By – Kathleen Spillane
On Tuesday, July 29th, 2014 the House Committee on Ways and Means held a hearing titled “What Workers Need to Know about Social Security as They Plan for their Retirement”. Chairman Sam Johnson (TX) began the hearing by noting that the Social Security Board of Trustees “provide an annual financial check up.” That check-up report was released on Monday, July 28th and Rep. Johnson concurred that it “sounded the alarm over Social Security’s financial health”. According to the Board of Trustees report, by 2033 retirement and survivor benefits will be cut by 23%. The Chairman’s Opening Statement pushed not only the Committee, but Congress as an entire body, to address Social Security’s financial crisis. “Unless Congress does its job…full benefits can’t be paid…beginning in just two yeas for those receiving disability benefits.” Chairman Johnson stressed that the reforms will be far larger than previous changes enacted by Congress, such as a series of reforms passed in 1983, as Americans need sound retirement planning and a Social Security System that they can understand and that serves, rather than burdens them. AMAC is working tirelessly on Capitol Hill to achieve the substantive reforms Social Security needs so that benefits will be preserved for years to come, and Americans will have retirement funds they may rely on. These reforms are needed sooner rather than later.
The hearing featured six witnesses. The first, Dr. Blahous, is a Public Trustee on the Social Security and Medicare Boards of Trustees. In his testimony, Dr. Blahous highlighted these specific points:
- First was the major financing shortfall facing Social Security, with part of this shortfall, namely short term disability benefits, being an immediate problem.
- Secondly, there is vast uncertainty as to how these financial issues will be resolved. “The longer we delay, the larger the relative sacrifice”, Dr. Blahous said, as less people will prepare for the sharp decline in benefits that would inevitably occur if Social Security’s finances continue to suffer.
- Dr. Blahous’ third point was that, additionally, the longer we wait to reform Social Security the more difficult it becomes to execute these reforms within the traditional framework of the system. In waiting too long to act, the opportunity to properly reform Social Security while preserving its historic structure may disappear. One rather bleak perspective was that, if in 2033 significant reform hasn’t been enacted “even cutting all benefits wouldn’t solve the problem”.
Another witnesses, Dr. Steurle, the Institute Fellow and Richard B. Fischer Chair at the Urban Institute, testified that the is an increasing number of middle-aged Americans who are retiring earlier than in past decades. The current system, created in the early 20th century, did not anticipate both a decade longer retirement period and a longer life expectancy. Now, “a third of the adult population for a third or more of their adult lives” will be receiving Social Security benefits. Social Security thus does not currently have in place “a financial system that can provide so many retirement benefits for so long and to so many without a depletion of resources”. A delay in reform, Dr. Steurle stressed, will be detrimental to the increasing number of future retirees.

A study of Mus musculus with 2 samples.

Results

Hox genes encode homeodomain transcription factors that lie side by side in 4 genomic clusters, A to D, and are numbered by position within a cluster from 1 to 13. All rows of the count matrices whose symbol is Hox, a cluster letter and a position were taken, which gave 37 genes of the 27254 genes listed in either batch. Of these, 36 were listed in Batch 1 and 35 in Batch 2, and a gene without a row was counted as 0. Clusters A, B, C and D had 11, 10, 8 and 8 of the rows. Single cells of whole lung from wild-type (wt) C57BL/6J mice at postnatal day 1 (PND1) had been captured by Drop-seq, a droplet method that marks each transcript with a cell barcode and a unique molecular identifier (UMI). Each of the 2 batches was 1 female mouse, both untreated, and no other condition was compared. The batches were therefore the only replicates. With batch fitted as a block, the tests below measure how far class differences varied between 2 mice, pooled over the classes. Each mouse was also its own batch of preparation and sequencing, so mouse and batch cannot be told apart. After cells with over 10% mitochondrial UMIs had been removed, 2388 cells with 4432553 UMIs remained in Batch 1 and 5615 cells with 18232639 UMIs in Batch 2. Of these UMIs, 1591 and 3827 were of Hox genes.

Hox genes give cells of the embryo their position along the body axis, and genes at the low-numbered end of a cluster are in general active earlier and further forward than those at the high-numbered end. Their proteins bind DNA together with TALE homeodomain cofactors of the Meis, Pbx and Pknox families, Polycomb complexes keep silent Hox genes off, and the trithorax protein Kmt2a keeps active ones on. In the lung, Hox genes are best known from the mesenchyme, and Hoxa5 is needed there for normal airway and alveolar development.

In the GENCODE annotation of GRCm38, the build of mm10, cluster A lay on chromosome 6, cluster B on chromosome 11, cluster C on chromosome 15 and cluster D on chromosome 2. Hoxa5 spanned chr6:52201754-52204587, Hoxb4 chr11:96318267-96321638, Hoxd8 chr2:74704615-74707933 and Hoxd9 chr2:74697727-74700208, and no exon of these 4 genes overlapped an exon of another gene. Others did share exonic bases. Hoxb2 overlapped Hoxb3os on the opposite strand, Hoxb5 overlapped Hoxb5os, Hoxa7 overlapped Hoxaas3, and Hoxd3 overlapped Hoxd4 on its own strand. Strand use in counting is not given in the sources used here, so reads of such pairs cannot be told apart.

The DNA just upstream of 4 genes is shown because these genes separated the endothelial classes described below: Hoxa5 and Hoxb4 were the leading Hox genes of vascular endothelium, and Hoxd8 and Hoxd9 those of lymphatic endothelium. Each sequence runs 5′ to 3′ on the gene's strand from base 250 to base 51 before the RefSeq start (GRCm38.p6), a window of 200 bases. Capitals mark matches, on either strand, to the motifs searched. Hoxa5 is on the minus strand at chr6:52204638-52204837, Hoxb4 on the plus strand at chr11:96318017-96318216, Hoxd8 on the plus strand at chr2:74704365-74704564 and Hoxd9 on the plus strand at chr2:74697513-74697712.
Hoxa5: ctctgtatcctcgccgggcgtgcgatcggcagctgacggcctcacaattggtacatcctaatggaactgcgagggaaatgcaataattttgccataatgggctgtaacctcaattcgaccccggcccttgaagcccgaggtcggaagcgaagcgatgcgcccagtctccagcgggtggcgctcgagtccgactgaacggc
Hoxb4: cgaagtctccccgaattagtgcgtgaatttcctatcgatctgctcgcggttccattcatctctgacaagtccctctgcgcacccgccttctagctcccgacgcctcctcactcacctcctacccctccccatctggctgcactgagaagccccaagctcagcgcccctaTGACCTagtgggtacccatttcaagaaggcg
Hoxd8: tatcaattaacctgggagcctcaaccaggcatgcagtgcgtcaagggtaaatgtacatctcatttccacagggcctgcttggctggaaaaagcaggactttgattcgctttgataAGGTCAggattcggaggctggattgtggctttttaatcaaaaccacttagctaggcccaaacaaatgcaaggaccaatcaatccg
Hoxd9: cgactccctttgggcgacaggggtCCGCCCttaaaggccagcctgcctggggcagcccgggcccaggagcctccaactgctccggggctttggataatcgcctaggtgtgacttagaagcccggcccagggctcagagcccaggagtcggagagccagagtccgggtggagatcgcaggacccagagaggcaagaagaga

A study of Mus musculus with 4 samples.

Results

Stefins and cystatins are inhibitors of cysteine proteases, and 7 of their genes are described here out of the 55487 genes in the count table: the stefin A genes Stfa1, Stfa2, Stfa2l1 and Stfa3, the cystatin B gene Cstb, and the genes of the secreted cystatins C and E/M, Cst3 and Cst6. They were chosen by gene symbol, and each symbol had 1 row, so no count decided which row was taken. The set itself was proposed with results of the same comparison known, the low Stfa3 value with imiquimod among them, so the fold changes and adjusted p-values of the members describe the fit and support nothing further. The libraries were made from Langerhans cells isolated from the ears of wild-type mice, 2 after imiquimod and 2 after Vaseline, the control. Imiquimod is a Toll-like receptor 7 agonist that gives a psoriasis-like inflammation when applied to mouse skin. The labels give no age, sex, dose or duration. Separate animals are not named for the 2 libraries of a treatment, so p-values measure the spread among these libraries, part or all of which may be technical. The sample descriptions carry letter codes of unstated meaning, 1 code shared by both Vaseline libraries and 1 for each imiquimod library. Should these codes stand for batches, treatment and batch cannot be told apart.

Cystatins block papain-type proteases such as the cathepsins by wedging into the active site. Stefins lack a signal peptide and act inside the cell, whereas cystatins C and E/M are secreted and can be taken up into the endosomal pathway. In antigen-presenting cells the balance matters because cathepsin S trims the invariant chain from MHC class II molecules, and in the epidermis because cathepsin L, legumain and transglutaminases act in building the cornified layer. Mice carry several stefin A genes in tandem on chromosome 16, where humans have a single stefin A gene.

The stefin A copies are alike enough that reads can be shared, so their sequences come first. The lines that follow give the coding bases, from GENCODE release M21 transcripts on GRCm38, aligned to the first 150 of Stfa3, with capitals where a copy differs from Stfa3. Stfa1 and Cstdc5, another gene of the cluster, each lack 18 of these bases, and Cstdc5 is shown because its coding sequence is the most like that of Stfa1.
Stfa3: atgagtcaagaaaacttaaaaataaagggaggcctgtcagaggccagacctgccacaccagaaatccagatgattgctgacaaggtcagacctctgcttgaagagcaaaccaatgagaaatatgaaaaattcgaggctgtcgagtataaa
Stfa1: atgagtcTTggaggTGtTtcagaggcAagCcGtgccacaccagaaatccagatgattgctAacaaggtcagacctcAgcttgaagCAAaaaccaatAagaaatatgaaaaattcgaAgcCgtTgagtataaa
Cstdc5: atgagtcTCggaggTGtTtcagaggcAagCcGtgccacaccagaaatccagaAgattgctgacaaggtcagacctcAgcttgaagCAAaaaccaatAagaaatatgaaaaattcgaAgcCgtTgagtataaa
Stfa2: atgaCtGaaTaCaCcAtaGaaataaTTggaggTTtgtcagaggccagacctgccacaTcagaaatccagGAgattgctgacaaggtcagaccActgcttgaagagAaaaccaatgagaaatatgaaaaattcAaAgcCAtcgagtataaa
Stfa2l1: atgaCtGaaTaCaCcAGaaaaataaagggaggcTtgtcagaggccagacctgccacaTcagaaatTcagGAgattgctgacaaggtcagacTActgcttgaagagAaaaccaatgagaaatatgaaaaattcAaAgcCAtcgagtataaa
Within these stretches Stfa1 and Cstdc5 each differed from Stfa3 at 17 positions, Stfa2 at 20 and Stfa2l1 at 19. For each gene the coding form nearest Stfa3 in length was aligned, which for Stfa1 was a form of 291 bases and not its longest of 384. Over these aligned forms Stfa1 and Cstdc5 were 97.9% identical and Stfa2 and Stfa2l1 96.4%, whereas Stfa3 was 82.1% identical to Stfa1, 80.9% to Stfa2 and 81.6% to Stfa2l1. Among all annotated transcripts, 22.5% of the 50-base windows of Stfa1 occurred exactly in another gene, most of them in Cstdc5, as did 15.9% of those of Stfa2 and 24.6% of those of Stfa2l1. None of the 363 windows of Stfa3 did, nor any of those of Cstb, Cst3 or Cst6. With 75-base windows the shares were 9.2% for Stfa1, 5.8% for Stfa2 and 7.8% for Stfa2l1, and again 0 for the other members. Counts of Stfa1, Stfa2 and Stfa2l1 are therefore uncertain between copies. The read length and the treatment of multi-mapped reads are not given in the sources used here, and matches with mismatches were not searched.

In the final three witnesses’ testimonies, Dr. Entmacher, Vice President for Family Economic Security of the National Women’s Law Center, addressed the disproportionate number of elderly women who may face poverty in retirement and also underscored that for two thirds of seniors, Social Security represents 50% of their retirement income, and for others, a third of their retirement income. Dr. Andrew Biggs of the American Enterprise Institute emphasized that the state of retirement security is “substantially better than you may think” and that Congress “should not panic…and pass far reaching policy changes in haste” but did note that Social Security will reach insolvency in 2030, and that the long term deficit has quadrupled in the past 4 to 5 years.
In the question and answer session of the hearing, Rep. Tiberi (OH) inquired as to whether certain Senate proposals to raise the cap on payroll taxes would have any effect on the failing financial state of Social Security. Dr. Biggs stated that “we would be worse off if we raised the tax max(imum) on payroll taxes”, and that in addition we cannot promise additional benefits without paying for those benefits which were already promised to retirees. Chairman Johnson asked Dr. Blahous what the true nature of the financial shortfall is, and he responded that “a quarter of the benefits are not financed or people’s tax revenues are short by a third of what they need to be to fund promised benefits”.
AMAC is working to preserve Social Security benefits for hard working citizens across America, and you can learn more about AMAC’s “Social Security Guarantee”, which details our proposal to reform Social Security and protect benefits, by visiting the “About” Section of our website or by visiting http://amac.us/social-security/.